Interview for breaks magazine
During a recent trip to the states London based magazine Breaks stopped by our office to talk about the brand, design and streetwear. You can read the full interview on Breaks Magazine HERE. Thanks Tom - it was a pleasure!
As I understand it, when the Benny Gold brand started you had the logo and you put it on stickers based on the Stay Gold brand and the mantra behind it and you were sticking them everywhere in the city, while out skating. How did it grow from that to a t-shirt line and what made you think, “Actually maybe there’s a brand here and maybe I should do this”? What was the thought process?
It was just stickers and then I bought a little one-colour screen in my studio apartment and I screened this shit for me and a friend,we went to a party and Barry McGee was there, Twist (graffiti/street artist)? And he told my friend Will, “That shirt’s awesome!” and Will came back and he was like, “You won’t believe who just told me he liked my shirt!”, so I was like, “I gotta make more of these things.”
I went home and screened a couple more, gave them to friends and then a couple years later I met Keith when he opened his store and he told me to put some shirts in the store, and they sold. So he told me to put more shirts in the store and they sold. So that’s when I thought I should take a crack at this thing. It was never a big master plan or anything, it all just fell in place.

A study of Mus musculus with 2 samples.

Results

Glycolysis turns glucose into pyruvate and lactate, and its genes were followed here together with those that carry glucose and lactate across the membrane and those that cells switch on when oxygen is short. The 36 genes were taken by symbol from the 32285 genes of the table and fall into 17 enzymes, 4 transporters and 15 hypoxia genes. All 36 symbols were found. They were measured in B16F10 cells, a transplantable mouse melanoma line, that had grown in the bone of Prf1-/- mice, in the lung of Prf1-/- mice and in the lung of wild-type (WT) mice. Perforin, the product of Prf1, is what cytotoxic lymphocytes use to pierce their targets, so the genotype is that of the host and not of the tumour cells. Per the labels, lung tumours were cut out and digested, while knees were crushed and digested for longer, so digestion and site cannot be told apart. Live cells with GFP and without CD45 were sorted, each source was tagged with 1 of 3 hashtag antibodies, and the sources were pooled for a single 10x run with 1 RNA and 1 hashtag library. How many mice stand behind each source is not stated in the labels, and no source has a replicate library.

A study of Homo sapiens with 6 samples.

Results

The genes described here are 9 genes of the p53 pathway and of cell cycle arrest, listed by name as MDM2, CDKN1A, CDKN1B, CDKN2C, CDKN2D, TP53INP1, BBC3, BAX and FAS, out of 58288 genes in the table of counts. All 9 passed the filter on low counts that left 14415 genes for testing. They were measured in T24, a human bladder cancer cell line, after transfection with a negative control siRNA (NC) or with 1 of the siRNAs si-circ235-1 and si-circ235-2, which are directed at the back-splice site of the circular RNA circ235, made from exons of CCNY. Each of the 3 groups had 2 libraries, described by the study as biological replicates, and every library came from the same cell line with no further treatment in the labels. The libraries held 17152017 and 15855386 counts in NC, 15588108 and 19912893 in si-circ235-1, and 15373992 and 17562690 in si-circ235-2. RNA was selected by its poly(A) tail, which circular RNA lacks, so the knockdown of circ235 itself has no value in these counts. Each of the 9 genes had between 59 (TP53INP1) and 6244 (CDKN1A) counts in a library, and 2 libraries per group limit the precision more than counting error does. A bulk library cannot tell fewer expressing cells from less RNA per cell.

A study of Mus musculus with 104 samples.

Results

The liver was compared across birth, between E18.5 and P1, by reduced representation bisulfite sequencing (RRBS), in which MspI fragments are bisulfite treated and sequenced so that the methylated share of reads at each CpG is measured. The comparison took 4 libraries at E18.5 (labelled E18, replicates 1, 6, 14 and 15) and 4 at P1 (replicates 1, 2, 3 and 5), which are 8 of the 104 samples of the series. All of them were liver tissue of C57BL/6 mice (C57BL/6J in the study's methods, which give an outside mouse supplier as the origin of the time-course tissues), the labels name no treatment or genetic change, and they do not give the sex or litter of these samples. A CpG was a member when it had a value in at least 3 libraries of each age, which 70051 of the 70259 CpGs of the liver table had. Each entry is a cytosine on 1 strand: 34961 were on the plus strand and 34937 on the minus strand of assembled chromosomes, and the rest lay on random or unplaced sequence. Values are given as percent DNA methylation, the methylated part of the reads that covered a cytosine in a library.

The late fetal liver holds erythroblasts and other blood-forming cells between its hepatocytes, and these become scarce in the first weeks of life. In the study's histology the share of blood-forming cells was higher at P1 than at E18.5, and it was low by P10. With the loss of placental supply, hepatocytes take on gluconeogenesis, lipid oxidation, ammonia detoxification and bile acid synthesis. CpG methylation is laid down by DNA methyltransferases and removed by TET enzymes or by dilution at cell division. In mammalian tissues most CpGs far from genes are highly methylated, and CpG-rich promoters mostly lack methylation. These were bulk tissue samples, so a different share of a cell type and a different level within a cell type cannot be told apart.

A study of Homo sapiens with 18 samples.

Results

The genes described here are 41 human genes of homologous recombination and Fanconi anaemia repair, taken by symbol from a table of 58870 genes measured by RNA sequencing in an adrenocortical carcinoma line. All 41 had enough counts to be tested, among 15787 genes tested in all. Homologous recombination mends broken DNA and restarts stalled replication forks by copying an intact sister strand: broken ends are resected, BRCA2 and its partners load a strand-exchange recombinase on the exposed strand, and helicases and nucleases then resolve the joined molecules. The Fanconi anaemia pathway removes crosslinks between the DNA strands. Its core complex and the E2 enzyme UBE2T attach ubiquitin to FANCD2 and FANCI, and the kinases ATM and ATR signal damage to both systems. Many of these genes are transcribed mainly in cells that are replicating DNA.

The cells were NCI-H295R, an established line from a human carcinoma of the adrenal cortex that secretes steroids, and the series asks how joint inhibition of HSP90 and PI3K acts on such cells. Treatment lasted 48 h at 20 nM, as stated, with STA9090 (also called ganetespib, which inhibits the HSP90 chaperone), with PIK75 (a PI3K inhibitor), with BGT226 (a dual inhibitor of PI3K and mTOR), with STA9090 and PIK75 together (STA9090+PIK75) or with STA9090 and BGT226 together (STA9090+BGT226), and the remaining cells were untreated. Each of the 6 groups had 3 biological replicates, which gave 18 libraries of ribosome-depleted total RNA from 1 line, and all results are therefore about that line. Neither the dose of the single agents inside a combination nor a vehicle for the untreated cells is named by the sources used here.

How long has it been going for now?
Officially I started in 2007, but it’s really hard to say because I’ve always kind of made stuff. I mean, even in college I was making stickers and shirts — with the Stay Gold and Benny Gold stuff, 2007.
I’ve recently noticed you can now get your entire outfit from Benny Gold. You can get selvedge jeans, socks — last year you could get collab trainers with The Hundreds. How important to you, do you think it is, to offer that full option for customers?
I think for a brand to grow… I think everything has to evolve. Everything changes. I want it to grow and have a life that’s capable. I don’t want me to hold it back with my own ego or whatever you know. Just because I don’t know how to do something, I don’t want to hold it back. I started with stickers because that’s what I knew what to do. Then I figured out how to screen a t-shirt – make a t-shirt – and when I figured out how to make a hat, I made a hat. That’s how it goes.
What percentage of the graphics do you still do now? Is it very hands-on and very involved or is it more removed?
I still sketch a pretty good portion of the whole season and this is the first year that I hired a designer to help me. It’s been interesting, it’s been a learning process for me that — of letting go I’d say.
How difficult is it to let go?
At first it was hard, but now it’s getting easier. The first — the other designer that I hired is amazing and I couldn’t be happier with it.